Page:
2020-05-06

Two WOW Factors Hidden in Meteorites and Micrometeorites


From researchgate.net

I happened to watch Catalyst last night (the program was titled Asteroid Hunters) and was slightly blown away by two things.

  1. Micrometeorites, as small as the width of a human hair, can be extracted from rocks 2.7 billion years old and tell us about the composition of earth’s atmosphere at that time.
  2. The meteorite that landed 50 years ago at Murchison, Victoria, contains volatile organic compounds — sugars, amino acids — and they still release odours. Have them land in an environment like Rotarua’s steamy, gaseous horror-scape and they could form membranes, the skin of soapy like bubbles, that were the necessary precondition to forming cells from which life evolved.

Fascinating. Well, I think so, anyway.

But I missed the film’s explanation of what the organic compounds had to do with the asteroids containing elements in their original primordial state while on earth the heavier elements have had time (from when the earth was molten) to sink to the centre and leave the lighter stuff in the crust. Are those organic compounds made from heavier elements? Anyone know?

For the video and transcript: https://www.abc.net.au/catalyst/s21-e04-asteroid-hunters/12198186?jwsource=cl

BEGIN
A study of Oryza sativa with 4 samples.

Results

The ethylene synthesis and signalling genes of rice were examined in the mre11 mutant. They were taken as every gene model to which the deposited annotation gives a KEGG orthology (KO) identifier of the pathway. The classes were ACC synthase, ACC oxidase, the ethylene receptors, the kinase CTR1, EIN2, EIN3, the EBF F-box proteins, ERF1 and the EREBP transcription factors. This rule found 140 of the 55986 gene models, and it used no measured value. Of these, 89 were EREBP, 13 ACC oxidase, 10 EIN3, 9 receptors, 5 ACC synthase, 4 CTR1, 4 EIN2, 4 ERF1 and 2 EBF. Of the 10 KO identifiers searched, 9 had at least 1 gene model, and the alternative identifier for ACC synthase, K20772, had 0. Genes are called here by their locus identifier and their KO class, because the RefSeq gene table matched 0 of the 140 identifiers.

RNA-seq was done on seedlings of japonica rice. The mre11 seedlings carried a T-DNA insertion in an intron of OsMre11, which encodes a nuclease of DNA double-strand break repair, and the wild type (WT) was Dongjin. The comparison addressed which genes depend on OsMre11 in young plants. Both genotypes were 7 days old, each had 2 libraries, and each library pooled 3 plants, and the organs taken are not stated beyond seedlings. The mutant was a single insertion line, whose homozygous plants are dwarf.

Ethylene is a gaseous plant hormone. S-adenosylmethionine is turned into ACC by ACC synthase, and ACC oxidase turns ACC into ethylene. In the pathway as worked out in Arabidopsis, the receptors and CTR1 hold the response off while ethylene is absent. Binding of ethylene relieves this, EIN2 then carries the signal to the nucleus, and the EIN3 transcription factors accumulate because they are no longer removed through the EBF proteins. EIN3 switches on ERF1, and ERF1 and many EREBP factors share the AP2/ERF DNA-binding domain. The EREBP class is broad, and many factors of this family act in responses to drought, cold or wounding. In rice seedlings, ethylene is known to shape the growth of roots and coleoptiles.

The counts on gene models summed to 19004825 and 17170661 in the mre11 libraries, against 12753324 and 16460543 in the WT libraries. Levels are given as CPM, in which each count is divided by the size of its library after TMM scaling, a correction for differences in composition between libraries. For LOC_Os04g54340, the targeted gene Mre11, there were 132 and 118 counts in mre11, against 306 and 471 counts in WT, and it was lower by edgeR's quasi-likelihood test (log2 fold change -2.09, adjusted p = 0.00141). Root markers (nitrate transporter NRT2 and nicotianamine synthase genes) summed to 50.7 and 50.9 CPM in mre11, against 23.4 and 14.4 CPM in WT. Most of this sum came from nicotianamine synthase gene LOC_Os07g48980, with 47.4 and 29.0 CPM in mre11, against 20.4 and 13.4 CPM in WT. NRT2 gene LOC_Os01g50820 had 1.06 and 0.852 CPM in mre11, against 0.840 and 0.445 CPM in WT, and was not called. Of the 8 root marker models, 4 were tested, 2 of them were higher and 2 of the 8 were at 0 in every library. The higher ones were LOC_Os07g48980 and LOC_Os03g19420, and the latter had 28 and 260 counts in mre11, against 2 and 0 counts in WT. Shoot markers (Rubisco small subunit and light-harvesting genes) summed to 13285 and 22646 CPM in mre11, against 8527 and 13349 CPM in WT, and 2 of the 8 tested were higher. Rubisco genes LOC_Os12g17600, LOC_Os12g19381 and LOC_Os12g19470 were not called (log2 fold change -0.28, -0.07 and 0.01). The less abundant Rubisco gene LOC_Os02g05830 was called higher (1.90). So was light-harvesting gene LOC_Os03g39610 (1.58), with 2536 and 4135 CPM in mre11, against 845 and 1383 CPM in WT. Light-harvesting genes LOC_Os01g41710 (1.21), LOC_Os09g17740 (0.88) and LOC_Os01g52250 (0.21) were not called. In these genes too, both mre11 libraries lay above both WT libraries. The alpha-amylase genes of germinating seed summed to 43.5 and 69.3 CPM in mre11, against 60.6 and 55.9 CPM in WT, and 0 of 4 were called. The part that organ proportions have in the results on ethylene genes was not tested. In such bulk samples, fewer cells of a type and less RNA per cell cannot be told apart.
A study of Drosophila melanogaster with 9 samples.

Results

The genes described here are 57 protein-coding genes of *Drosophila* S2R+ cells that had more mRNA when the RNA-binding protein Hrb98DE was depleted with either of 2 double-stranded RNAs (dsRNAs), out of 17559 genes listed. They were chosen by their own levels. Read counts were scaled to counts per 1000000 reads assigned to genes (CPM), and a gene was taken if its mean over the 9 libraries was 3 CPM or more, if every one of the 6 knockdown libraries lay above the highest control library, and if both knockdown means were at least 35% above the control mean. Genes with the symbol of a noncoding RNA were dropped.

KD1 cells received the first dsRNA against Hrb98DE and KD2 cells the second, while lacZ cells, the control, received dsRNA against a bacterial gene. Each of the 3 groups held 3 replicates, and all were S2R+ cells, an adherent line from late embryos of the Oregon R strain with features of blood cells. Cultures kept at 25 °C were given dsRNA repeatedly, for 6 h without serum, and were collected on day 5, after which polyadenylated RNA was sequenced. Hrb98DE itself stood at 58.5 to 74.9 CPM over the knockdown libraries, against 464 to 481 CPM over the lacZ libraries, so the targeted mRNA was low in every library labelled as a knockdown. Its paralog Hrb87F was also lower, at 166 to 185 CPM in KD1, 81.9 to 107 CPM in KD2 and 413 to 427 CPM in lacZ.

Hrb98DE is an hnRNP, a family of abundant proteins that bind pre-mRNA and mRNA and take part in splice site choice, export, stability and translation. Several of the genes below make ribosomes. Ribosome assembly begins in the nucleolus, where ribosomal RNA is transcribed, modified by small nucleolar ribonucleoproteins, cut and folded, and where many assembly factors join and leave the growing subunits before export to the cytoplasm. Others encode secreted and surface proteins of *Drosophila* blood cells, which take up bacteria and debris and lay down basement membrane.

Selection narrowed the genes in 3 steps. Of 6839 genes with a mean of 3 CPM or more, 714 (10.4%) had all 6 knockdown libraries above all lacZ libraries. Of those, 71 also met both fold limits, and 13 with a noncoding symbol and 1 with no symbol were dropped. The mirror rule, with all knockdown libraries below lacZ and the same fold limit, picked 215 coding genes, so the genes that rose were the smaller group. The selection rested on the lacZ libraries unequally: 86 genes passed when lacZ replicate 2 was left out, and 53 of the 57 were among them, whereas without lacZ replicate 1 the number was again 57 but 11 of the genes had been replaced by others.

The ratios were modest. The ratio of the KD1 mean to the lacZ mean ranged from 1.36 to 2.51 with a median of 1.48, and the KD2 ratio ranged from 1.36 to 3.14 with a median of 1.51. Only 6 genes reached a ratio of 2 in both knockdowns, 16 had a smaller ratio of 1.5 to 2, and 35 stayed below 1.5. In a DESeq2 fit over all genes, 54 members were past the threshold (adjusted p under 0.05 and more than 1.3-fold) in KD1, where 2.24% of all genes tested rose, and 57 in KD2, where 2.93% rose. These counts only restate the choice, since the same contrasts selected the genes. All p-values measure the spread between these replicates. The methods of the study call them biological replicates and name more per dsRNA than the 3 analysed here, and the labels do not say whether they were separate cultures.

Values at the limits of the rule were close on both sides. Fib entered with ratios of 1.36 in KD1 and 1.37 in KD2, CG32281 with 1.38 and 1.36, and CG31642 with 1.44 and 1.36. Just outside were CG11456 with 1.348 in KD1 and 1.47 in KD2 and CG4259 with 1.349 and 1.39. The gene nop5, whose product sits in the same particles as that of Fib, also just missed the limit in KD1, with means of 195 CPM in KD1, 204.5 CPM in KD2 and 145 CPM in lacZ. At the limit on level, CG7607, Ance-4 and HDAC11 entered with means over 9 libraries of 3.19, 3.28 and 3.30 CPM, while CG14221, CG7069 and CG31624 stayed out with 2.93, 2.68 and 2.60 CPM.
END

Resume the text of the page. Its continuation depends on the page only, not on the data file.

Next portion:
Rotorua, New Zealand. I visited here years ago and can still recall the stench of sulphur coming up from the roadside gutters as I entered. I also braved a hot mud bath. Was told the minerals would do me lots of good. Earth millions of years ago.

 

 


  • Mario Desir
    2020-05-06 03:12:37 GMT+0000 - 03:12 | Permalink

    Fascinating indeed. Thanks for sharing.

  • Mark Cagnetta
    2020-05-06 03:17:38 GMT+0000 - 03:17 | Permalink

    What a great show! I learned so much! Thank you for allowing us to view.

  • Pupienus Maximus
    2020-05-07 21:09:27 GMT+0000 - 21:09 | Permalink

    What I get is that the asteroids having elements in the primordial state isn’t related to the organics. That heavier elements on Earth had sunk toward the core was explanation for meteorites not looking like rocks found on Earth.

    FWIW, heavier elements aren’t much found in biologic molecules. Most biological molecules on the planet are 99% (by mass) CHNOPS – carbon, hydrogen, nitrogen, oxygen, phosphorus, and sulfur. The heaviest of those is sulfur with atomic number 16. Almost the entire remaining one percent of heavier elements necessary for life are potassium, sulfur, sodium, chlorine, and magnesium are. The additional dozen or so elements though to be essential for life are present in teeny tiny trace amounts. The heaviest of those I can think of offhand – it’s been over 40 years since I studied biology and chemistry so this ain’t gospel – is Iodine.

    Most heavier elements are biologic toxins. Hence “heavy metal poisoning” and “lead poisoning” and “mercury poisoning.”

    • Neil Godfrey
      2020-05-07 23:19:07 GMT+0000 - 23:19 | Permalink

      Appreciated. All of these things were much simpler when I was an amateur astronomer in my late teens. Even the distinction and meanings of “meteor” and “meteorite” seem to have been modified since those days.